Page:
Q. During the 19th century, illustrator Howard Pyle caught the eye of what famous European painter, who was born during the same year?

A. Vincent Van Gogh (1853-1890)

Marooned," 1909 Howard Pyle (1853-1911). Oil on canvas, 40" x 60". Delaware Art Museum, Museum Purchase, 1912

“Marooned,” 1909, Howard Pyle (1853-1911). Oil on canvas, 40″ x 60″. Delaware Art Museum, Museum Purchase, 1912

In a letter to his brother Theo dated September 11, 1882, Van Gogh writes: “Do you know an American periodical called Harper’s Monthly Magazine? – there are marvelous sketches in it. I don’t know it very well, I’ve only seen six months of it and have only 3 issues myself, but there are things in it I find astounding. Among them a glass-blower’s and an iron foundry, all kinds of scenes of factory work.  As well as sketches of a Quaker town in the old days by Howard Pyle.”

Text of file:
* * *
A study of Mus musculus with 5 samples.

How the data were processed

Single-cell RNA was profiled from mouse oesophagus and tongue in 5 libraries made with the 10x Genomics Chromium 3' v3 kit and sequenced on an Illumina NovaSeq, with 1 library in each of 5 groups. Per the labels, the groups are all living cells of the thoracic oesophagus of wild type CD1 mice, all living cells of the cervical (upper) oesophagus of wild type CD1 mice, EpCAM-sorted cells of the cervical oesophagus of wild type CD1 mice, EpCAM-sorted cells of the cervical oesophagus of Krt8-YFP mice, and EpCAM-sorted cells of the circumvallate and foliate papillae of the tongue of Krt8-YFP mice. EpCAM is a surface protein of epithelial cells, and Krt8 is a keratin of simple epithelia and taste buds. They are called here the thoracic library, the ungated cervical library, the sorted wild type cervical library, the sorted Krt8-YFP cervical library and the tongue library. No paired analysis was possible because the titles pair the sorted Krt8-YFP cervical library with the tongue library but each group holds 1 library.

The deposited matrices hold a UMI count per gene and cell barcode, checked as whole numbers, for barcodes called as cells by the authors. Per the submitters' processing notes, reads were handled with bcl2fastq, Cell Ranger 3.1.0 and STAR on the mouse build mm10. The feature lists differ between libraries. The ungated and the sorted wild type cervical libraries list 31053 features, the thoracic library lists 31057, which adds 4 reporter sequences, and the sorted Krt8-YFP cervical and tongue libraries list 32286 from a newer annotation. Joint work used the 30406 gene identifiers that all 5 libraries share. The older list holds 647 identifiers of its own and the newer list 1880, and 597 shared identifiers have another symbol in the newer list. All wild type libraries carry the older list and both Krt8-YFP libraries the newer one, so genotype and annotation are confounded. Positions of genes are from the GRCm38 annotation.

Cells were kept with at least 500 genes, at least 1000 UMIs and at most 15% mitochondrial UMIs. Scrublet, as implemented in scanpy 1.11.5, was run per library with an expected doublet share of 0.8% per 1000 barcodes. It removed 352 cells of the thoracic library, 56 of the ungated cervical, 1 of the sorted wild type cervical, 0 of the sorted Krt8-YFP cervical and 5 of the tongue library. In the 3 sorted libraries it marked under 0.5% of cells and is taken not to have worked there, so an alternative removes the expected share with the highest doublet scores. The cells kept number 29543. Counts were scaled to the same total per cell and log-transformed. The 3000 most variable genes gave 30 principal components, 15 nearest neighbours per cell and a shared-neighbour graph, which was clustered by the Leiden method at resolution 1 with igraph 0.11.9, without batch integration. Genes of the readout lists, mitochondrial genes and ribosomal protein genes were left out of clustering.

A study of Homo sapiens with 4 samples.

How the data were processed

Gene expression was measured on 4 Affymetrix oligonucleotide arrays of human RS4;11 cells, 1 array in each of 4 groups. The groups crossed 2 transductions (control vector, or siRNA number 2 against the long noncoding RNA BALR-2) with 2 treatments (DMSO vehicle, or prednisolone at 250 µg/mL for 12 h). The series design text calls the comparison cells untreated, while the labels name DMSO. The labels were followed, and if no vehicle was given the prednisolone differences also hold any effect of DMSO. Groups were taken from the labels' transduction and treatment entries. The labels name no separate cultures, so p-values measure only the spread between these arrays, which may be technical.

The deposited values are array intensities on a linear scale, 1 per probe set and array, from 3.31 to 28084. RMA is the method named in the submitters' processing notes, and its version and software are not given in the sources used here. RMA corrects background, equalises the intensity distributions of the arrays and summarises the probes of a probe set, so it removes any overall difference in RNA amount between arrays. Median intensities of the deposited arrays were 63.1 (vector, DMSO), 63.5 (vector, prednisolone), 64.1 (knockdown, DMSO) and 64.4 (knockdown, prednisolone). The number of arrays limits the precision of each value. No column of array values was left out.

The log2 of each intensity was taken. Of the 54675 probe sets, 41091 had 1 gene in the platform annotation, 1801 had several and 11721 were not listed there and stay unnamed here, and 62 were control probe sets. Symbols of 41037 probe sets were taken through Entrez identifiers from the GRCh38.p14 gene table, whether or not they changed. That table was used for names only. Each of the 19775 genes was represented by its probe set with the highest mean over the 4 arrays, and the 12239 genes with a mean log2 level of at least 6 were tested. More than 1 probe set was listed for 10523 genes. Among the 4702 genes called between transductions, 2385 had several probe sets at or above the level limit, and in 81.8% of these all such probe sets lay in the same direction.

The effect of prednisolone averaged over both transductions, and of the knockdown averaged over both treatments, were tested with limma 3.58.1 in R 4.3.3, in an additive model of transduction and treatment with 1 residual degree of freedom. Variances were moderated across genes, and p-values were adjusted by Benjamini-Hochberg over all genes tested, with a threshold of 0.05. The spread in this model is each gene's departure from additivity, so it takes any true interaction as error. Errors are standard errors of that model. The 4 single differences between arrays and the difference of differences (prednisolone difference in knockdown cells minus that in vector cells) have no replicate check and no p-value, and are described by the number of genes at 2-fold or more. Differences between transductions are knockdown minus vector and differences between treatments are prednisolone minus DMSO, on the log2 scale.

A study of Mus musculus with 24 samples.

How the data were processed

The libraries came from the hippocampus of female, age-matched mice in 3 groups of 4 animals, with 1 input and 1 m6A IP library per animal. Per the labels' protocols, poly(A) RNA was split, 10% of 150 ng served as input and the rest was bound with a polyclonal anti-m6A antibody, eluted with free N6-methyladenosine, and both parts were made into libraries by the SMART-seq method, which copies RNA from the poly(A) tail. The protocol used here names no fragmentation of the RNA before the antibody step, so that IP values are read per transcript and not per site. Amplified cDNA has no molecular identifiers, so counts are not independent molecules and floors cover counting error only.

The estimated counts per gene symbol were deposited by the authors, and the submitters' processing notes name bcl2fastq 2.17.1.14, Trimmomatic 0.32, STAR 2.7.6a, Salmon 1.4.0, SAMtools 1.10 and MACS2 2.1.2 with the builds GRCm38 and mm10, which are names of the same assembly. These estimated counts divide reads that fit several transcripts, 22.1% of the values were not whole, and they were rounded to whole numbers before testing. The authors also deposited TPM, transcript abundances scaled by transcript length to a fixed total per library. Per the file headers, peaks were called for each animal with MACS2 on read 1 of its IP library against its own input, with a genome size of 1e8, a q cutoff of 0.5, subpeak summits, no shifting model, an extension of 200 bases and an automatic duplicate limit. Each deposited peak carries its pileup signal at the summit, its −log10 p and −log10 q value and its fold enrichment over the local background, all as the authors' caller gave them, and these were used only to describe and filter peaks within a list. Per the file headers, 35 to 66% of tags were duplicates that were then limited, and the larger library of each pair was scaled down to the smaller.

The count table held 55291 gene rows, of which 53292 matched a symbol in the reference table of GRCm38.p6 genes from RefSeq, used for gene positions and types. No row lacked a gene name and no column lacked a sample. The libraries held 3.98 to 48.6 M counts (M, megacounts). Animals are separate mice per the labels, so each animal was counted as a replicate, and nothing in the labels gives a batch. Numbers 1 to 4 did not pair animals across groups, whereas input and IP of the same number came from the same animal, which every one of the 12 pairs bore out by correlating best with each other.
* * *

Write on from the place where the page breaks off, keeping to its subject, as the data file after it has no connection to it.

American illustration gained respect from many in Europe during the 19th century. It was considered one of the finest examples of American art.

In Paul Mentos’ 2011 documentary Howard Pyle and the Illustrated Story, Jill May, Professor of Literacy and Language at Purdue University states that she believes Pyle “wanted an American school of art. He wasn’t going overseas; he wanted to show that Americans could do something that they didn’t have to be trained in Europe to do, and one of those things could be the reflection of American culture, the reflection of American history, and as accurately as possible, thank you very much, while it’s romanticized.”

Click here to learn more about Howard Pyle: American Master Rediscovered, on view through October 28, 2012 at Norman Rockwell Museum.